Seenu Atoll or Addu is the southernmost atoll of the Republic of Maldives. Only six of the islands in the Atoll are inhabited and they are Meedhoo, Hithadhoo, Maradhoo, Feydhoo, Gan, and Hulhudhoo with the total population just over 28,000.
The dialect of the Dhivehi language spoken in this atoll is very different from the rest of the country. Most of the employees who had experience working for westerners and who spoke good English had turned to the tourism industry for employment. As a result, there was an influx of Addu people to Malé seeking employment in the nearby resorts and also looking for education to their children.
The Royal Navy established a base ("Port T") - later RAF Gan from 1957 - on the island of Gan (pronounced “Yahn”) in 1941, during World War II. During the Cold War it was used as an outpost.
The original naval base was established as a fall-back for the British Eastern Fleet. Despite public pronouncements to the contrary, the official view was that the main base at Singapore would be untenable if the Japanese made serious headway in Malaya and Java - which, in the event, is what happened in 1942. The intention had been to operate from Trincomalee, Ceylon (now Sri Lanka). Upon inspection, however, the naval commander-in-chief, Admiral James Somerville found the port inadequate, vulnerable to a determined attack and open to spying. An isolated island base with a safe, deep anchorage in a suitably strategic position was required, and Addu met the rquirements. Once available, its facilities were used extensively by the Fleet.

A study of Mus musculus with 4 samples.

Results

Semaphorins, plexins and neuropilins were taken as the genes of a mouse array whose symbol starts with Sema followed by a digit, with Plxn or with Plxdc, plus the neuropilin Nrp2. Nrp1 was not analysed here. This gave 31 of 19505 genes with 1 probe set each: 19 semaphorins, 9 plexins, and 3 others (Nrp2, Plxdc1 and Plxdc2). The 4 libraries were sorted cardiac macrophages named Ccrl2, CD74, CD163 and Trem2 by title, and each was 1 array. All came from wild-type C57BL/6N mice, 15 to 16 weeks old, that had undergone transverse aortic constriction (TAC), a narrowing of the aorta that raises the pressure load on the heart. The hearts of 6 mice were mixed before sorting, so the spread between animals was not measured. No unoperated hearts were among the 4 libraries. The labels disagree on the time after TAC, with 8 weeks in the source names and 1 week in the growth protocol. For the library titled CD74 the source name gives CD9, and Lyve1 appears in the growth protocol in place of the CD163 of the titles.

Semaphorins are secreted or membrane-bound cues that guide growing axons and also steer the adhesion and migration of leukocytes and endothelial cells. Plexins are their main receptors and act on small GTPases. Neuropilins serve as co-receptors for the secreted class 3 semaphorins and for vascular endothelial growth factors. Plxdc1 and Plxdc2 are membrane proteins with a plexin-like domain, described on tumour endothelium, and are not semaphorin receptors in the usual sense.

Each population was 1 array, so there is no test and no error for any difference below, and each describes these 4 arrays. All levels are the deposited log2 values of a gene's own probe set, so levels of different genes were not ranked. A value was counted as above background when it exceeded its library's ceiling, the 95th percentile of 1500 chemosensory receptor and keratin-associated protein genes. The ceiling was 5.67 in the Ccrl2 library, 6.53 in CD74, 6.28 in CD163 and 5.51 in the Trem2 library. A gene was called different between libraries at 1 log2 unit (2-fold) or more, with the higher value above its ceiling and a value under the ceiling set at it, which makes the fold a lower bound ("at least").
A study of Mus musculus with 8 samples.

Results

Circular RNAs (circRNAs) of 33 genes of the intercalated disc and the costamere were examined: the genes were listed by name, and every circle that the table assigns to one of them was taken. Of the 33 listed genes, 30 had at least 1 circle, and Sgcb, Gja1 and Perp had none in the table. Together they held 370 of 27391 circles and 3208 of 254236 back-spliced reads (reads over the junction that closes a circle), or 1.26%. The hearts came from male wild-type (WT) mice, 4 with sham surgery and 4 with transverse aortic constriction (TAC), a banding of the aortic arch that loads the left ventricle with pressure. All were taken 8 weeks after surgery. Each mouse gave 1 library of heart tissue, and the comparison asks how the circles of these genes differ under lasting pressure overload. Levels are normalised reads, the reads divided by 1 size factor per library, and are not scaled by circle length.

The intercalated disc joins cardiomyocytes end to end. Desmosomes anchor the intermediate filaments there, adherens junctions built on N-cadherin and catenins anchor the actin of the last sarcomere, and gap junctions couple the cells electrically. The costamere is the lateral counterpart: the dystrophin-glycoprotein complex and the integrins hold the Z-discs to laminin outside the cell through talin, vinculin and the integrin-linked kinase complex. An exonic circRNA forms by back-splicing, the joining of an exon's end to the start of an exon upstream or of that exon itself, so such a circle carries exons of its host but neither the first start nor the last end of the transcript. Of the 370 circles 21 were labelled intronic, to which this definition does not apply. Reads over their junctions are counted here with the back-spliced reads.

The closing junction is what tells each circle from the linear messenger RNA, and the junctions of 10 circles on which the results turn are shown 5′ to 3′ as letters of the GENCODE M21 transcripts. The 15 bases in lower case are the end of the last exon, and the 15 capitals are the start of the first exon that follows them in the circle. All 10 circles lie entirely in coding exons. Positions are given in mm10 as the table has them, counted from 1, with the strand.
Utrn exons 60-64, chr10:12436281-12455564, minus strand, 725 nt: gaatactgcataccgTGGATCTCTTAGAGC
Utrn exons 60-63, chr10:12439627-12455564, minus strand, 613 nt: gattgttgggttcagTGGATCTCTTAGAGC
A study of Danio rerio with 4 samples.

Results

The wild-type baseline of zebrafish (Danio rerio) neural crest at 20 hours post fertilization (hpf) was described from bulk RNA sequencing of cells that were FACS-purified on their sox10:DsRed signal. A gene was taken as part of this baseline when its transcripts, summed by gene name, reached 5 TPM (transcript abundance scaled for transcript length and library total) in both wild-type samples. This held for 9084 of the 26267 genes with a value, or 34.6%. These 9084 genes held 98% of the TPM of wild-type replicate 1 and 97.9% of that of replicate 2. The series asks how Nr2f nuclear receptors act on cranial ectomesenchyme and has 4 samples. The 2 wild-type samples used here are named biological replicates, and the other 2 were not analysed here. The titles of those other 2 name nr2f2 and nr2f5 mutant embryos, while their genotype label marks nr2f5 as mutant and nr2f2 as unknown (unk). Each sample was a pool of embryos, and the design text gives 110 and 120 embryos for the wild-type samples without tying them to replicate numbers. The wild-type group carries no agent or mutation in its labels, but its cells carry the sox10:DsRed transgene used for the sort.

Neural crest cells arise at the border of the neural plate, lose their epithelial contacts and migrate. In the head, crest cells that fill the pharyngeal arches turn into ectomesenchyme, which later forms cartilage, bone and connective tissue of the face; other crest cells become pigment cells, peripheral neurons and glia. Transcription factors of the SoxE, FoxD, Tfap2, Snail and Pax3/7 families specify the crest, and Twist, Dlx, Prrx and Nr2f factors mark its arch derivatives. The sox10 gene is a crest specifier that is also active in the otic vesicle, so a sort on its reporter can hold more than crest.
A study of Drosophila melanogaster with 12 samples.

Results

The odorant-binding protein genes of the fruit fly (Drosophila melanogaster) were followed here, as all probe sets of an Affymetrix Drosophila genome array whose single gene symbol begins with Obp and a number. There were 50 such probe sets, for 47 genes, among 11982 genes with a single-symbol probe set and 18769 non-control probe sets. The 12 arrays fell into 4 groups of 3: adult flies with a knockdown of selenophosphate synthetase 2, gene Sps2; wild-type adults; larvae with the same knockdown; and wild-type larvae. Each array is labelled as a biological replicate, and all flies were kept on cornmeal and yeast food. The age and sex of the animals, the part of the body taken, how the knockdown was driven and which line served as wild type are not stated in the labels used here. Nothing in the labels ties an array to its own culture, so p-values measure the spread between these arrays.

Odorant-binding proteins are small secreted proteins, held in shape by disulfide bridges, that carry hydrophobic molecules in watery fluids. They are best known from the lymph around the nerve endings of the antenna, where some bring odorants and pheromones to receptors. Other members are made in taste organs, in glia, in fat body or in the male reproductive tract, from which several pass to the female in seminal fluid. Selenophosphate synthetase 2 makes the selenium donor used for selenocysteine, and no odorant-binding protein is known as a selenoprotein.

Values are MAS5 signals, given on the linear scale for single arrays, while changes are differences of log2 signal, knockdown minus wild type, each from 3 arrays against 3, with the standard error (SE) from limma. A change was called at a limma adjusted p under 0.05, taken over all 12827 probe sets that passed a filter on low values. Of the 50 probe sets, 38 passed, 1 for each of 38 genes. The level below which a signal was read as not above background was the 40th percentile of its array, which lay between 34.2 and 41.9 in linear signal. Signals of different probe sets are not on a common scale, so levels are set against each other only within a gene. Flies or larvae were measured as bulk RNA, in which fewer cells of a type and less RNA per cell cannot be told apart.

Royal Navy engineers landed in August 1941 from HMS Guardian to clear and construct airstrips on Gan for the Fleet Air Arm. In the interim, Catalina and Sunderland flying boats operated from jetties on the northern, sheltered side of Gan. Large oil tanks were built on Gan, and on Hitaddu Island on the western edge of the atoll; vital elements for a naval base. These were visible from a long distances at sea, but this was unavoidable, given the atoll's low profile.
Ship's supplies for the fleet were provided from a pair of Australian refrigerated ships, Changte and Taiping that included Attu in a number of bases that they serviced regularly. Three times these ships replenished forty or more ships of the Eastern Fleet. Several large Australian Imperial Force troop convoys also refueled at Addu on their way from Aden to Fremantle, Western Australia.
The six major islands were garrisoned by the 1st Royal Marine Coast Defence Regiment, manning shore batteries and anti-aircraft guns. To facilitate the defence, causeways were built connecting the western islands of Gan, Eyehook, Maradhoo and Hithadhoo and, much later in the war, they were linked by a light railway. Attu was an unpopular posting due to the hot, humid climate, lack of recreational facilities and lack of socialising with the local population.
The Japanese remained unaware of the base’s existence until their plans for expansion in south-east Asia had come to nothing, even during their carrier raids in the Indian Ocean in April 1942. Later in the war, submarine reconnaissance established the base’s existence. Despite openings into the lagoon being permanently closed by anti-submarine nets, the German U-boat U-183 torpedoed the tanker British Loyalty in March 1944 (she had been previously torpedoed and sunk at Diego Suarez); it was an impressive long-range shot from outside the atoll through a gap in the anti-torpedo nets. Although seriously damaged, the tanker did not sink. She was not fully repaired but kept as a Ministry of War Transport Oil Fuel Storage Vessel. There was significant oil pollution after this incident and Brtish personnel were used to clean the lagoon.
On 5th January 1946, British Loyalty was scuttled southeast of Hithadhoo Island in the Addu Atoll lagoon. After some years of leaking oil, she has become a popular dive location.
In 1957, the naval base was transferred to the Royal Air Force. As RAF Gan, it remained in intermittent service until 1976, when British Forces withdrew.